The recent report on MU’s diversity programs and services, or lack thereof, may provide the motivation for MU to launch its long-in-the-works “diversity strategic plan.”
Without one, MU is behind many other institutions in addressing diversity, said Robert Weems, interim vice chancellor for equity.
For about a year and a half, a commission at MU has been working on such a plan to coordinate its efforts of recruiting and retaining minority students, faculty and staff. Weems, who coordinated the diversity assessment, hopes the report might provide the impetus to get the plan off the ground.
MU’s diversity plan, said Handy Williamson, vice provost for minority affairs and faculty development, “would have laid out responsibilities for each, ideally, vice chancellor, vice provost, each faculty director, staff and students on campus because diversity is the collective responsibility of all of us.”
What MU already has, Williamson said, are summer programs in almost every school and college oriented toward minority students, staff organizations for minority faculty, minority scholarships and research grants, minority research training programs, and religious and student cultural centers, such as the Black Culture Center and the Islamic Center.
But without a plan to coordinate and assess programs and to push diversity to the forefront of administrators’ minds, that’s just not enough, Weems said.
“Quite frankly, because this institution has never done it, we’re sort of at ground zero,” Weems said.
The diversity report makes several recommendations for prerequisite steps for creating a diversity plan. The suggestions include:
n Housing oversight of a diversity management plan in a single office. The university should specifically target African American students and faculty as well as address all minority groups.
n Senior leaders, such as the chancellor, president and provost, must be “diversity champions,” and have a clear idea of long-term diversity goals. There should also be widespread involvement throughout the campus when creating a diversity planning process.
n A number of measures should be taken to add more African Americans and other minorities to the faculty and staff.
Such measures include holding deans responsible for the diversity of their schools and colleges; placing higher value on work “of interest and concern to faculty of color as well as scholarly work on institutional diversity,” such as Black Studies courses; providing a special fund to hire and retain minority faculty and possibly their spouses or partners “where such hiring will increase diversity”; expanding faculty recruiting efforts from minority-serving institutions and scholar caucuses; and providing further mentoring programs for minority faculty to assist them through the tenure process.
n Minority student recruitment programs should be enhanced by adding admissions administrators who are “familiar with minority students and their demographics,” hiring experienced minority recruiters who specialize in recruiting students from a target population, and offering more special pre-college programs for minority students.
n Retention efforts should also be improved by diversifying staff at the Student Success Center and creating better coordination between the Student Success Center and Academic Services
All students should be provided with cross-cultural communication and interaction skills — most likely through the addition of race and ethnicity-centered classes to the curriculum and possibly requiring all students to take a number of race and ethnicity-related credits, Weems said.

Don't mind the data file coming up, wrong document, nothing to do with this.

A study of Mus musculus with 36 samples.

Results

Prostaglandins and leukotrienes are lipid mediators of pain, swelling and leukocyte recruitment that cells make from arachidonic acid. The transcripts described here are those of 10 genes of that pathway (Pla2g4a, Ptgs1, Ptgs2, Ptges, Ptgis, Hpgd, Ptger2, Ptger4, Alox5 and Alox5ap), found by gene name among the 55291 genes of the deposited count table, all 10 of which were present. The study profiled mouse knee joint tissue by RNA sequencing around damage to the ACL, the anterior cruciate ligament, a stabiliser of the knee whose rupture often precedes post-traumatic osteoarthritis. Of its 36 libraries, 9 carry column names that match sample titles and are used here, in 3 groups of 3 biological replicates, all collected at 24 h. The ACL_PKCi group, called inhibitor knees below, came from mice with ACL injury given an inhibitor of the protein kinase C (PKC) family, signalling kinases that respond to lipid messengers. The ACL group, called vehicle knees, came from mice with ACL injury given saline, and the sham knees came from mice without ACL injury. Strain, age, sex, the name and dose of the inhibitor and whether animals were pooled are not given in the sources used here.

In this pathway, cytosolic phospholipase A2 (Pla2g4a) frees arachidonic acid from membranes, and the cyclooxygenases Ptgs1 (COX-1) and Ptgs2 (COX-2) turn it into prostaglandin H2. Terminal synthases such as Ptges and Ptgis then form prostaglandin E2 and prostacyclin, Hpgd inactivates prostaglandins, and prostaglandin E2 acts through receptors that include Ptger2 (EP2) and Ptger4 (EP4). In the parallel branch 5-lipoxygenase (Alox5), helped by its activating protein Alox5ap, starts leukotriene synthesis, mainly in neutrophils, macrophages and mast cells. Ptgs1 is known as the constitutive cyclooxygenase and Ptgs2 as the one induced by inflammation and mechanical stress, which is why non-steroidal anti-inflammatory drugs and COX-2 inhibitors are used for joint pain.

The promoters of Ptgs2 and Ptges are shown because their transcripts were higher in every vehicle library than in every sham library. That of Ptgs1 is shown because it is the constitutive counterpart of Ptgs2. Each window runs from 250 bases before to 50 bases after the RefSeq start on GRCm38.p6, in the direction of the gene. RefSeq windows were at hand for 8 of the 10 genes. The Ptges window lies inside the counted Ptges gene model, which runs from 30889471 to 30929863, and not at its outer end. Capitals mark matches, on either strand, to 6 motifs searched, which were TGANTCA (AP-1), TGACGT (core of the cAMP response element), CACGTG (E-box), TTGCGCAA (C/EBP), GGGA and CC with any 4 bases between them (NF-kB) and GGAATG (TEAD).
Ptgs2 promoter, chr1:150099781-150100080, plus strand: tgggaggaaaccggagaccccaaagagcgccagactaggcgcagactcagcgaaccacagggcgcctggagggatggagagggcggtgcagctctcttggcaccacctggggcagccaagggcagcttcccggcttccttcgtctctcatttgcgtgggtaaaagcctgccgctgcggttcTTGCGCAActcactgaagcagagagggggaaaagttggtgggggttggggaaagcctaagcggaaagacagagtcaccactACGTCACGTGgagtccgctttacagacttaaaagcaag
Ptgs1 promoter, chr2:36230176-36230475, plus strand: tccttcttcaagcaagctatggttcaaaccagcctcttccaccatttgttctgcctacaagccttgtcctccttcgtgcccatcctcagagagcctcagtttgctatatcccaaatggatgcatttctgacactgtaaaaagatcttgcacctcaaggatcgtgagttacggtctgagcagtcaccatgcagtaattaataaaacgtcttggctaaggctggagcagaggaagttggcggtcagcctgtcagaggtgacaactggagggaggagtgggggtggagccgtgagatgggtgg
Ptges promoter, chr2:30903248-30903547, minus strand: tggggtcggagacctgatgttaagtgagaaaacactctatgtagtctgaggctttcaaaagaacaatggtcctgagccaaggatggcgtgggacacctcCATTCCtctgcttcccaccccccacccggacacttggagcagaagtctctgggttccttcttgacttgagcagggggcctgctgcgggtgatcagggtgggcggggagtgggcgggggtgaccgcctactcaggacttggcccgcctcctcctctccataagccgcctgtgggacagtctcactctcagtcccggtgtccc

“The bottom line, affirmed by the Supreme Court this past summer, is we’re in an increasingly diverse world, and the more we can operate in an increasingly diverse world, the better we all will be,” Weems said, referring to a Supreme Court ruling upholding the University of Michigan’s use of race as a factor in its admissions process.
Williamson disagrees with a number of findings in the report and says they’re too centered on the demands of a small number of black faculty, and not inclusive of other minority groups. The Black Faculty and Staff Organization, which first requested a report in 2001, did so because members wanted an assessment of recruitment and retention programs for African American faculty, staff and students, and not because they were concerned about a comprehensive plan, said former organization President Charles Nilon.
However, a May 7 news release from the organization states, in response to the findings in the report, that its members anticipate working closely with university officials “to develop a plan to address the issues revealed in this document.”
“Primarily, we seek to move the institution forward as a national champion and model of access, diversity and equity,” the release states.
Williamson said he is happy the report was conducted because “it cast light on a significant problem and challenge,” and “it may propel the university as a community forward in aggressively developing a genuine diversity strategic plan.”
Although he sees room for improvement, the university already has a number of effective services in place to address the needs of African American faculty, students and staff, as well as other minorities, Williamson said.
Numbers put MU at the top of the Big 12 for the proportion of black faculty members in 2002, at about 3.3 percent, according to information compiled by university relations. There are currently about 50 black faculty members. Its percentage of black students is also third from the top of all Big 12 schools, at 5.2 percent, according to those documents.
Williamson said for reviewers not to notice all that the university has done so far may be a misstatement.
“Most universities around the nation are struggling with the same things: How do we develop and strengthen our diversity initiatives?” Williamson said. “And we’re well on the way to that here.”